Updated: Oct 19, 2021

This week, the Biden Administration proposed changes to the Council on Environmental Quality’s National Environmental Policy Act (NEPA), regulations which requires Federal agencies to conduct a climate and environmental justice analysis of major projects and give affected communities greater input into the process. If finalized, this week’s action would change the process put in place by the Trump Administration for how government agencies review infrastructure projects.

Many environmentalists praised the Biden Administration for this action while many developers said it could make it harder to secure approval for their projects. For more about the announcement, click here.

Engineering News Record reached out to Dawson & Associates colleague Larry Liebesman for his written thoughts on the action. During part of Larry’s time as a Justice Department environmental litigator, he worked with the President’s Council on Environmental Quality (CEQ) on the 1978 NEPA regulations.

Larry was quoted in the ENR article (here). What follows are his extended thoughts to ENR on this week’s announcement:

Overall, CEQ is proposing to reinstate some of the key provisions of the 1978 NEPA regulations on defining purpose and need, addressing alternatives and indirect and cumulative impacts with special focus on climate change impacts and Environmental Justice.

In my view, these changes bring the regulations more in line with the historic interpretation of NEPA which has been upheld by the Courts over the years. These changes could result in some delays for infrastructure projects, especially to address indirect and cumulative effects. For example, an Environmental Impact Statement (EIS) for a highway or pipeline project will have to consider the project’s indirect climate impacts more fully so that it is consistent with NEPA law.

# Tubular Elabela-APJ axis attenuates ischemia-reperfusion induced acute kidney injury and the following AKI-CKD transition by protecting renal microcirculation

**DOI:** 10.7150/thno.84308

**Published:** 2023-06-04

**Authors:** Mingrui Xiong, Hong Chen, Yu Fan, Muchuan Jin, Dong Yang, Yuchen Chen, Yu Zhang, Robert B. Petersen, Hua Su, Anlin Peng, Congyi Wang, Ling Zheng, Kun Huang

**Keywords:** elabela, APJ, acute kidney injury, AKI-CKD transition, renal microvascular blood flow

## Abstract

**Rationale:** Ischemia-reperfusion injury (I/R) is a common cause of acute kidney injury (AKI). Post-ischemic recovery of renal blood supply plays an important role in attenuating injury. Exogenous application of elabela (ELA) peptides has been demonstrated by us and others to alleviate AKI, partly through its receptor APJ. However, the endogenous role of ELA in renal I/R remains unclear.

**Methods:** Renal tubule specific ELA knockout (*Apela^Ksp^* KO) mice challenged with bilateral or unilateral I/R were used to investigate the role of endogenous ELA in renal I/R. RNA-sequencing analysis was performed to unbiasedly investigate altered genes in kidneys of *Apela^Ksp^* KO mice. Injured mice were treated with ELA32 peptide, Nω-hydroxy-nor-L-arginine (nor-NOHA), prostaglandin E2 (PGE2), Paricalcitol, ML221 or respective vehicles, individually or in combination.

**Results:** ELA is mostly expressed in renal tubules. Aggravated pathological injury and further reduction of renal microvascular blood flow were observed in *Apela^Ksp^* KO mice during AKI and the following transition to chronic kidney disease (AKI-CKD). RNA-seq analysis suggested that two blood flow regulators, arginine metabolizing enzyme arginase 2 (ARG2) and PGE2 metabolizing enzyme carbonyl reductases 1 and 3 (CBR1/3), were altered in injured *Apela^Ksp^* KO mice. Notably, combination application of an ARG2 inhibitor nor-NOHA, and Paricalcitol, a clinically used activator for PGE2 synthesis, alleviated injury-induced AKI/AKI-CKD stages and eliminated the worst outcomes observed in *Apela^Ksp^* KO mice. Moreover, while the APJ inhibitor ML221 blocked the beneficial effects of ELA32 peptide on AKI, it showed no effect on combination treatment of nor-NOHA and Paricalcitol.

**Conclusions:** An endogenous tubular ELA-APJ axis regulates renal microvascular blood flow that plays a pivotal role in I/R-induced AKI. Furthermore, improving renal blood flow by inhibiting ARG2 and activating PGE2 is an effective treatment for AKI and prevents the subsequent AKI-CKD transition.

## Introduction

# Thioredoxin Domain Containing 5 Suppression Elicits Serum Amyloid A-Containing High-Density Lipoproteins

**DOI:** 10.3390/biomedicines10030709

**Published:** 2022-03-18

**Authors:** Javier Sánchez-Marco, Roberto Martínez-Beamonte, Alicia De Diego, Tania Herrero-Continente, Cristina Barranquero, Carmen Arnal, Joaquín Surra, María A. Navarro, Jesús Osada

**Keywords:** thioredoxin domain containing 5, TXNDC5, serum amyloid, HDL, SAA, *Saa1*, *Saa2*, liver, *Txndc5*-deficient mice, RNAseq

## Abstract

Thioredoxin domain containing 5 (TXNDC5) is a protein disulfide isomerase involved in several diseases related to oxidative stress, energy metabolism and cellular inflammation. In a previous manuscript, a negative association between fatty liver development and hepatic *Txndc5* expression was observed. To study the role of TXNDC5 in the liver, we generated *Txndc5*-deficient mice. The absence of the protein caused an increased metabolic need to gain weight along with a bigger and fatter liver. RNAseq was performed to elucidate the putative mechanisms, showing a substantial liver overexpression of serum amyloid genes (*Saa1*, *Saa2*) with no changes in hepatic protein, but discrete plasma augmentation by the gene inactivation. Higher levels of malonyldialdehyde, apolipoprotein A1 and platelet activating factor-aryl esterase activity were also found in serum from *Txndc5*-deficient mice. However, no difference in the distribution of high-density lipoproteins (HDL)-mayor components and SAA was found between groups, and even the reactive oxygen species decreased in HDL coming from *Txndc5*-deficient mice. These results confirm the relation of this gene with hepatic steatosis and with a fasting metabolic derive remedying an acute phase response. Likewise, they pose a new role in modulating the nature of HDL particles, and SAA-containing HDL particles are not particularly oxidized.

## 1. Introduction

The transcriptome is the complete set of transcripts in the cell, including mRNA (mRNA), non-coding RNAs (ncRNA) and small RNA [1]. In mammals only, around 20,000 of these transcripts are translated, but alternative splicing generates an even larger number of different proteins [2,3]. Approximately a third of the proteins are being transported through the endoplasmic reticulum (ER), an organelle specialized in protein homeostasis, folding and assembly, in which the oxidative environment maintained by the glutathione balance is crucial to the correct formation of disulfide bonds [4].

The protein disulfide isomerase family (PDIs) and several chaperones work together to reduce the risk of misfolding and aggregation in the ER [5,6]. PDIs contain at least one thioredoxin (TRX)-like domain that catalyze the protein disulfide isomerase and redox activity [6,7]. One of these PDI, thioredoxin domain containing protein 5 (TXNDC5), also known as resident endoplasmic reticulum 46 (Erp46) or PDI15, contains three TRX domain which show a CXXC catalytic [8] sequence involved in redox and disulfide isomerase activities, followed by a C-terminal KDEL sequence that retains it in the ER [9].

A case in point is Sierra Club v. FERC (Sabal Trail), 867 F.3d. 137 (DC Cir. 2017) where the Court held that in authorizing construction of a pipeline, FERC was required to consider the downstream effects of GHG emissions from power plants serviced by the pipeline.

However, as CEQ noted in the proposal, it does not feel that such consideration will unduly delay final action on such projects given the likely efficiencies under the regulations. It remains to be seen if that actually happens.

There will be a lot of pressure on the Biden Administration not to delay infrastructure projects. I suspect that the action agencies will likely work with CEQ to not unduly delay such projects while efficiently considering direct, indirect and cumulative effects on climate and Environmental Justice.

Larry Liebesman, Esq.

Senior Advisor

A nationally recognized environmental lawyer with more than 40 years of experience, including 11 years at the U.S. Justice Department, Larry specializes in federal Clean Water and Endangered Species Acts and the National Environmental Policy Act (NEPA).


The views expressed here are those of the author and do not necessarily reflect the views of Dawson & Associates.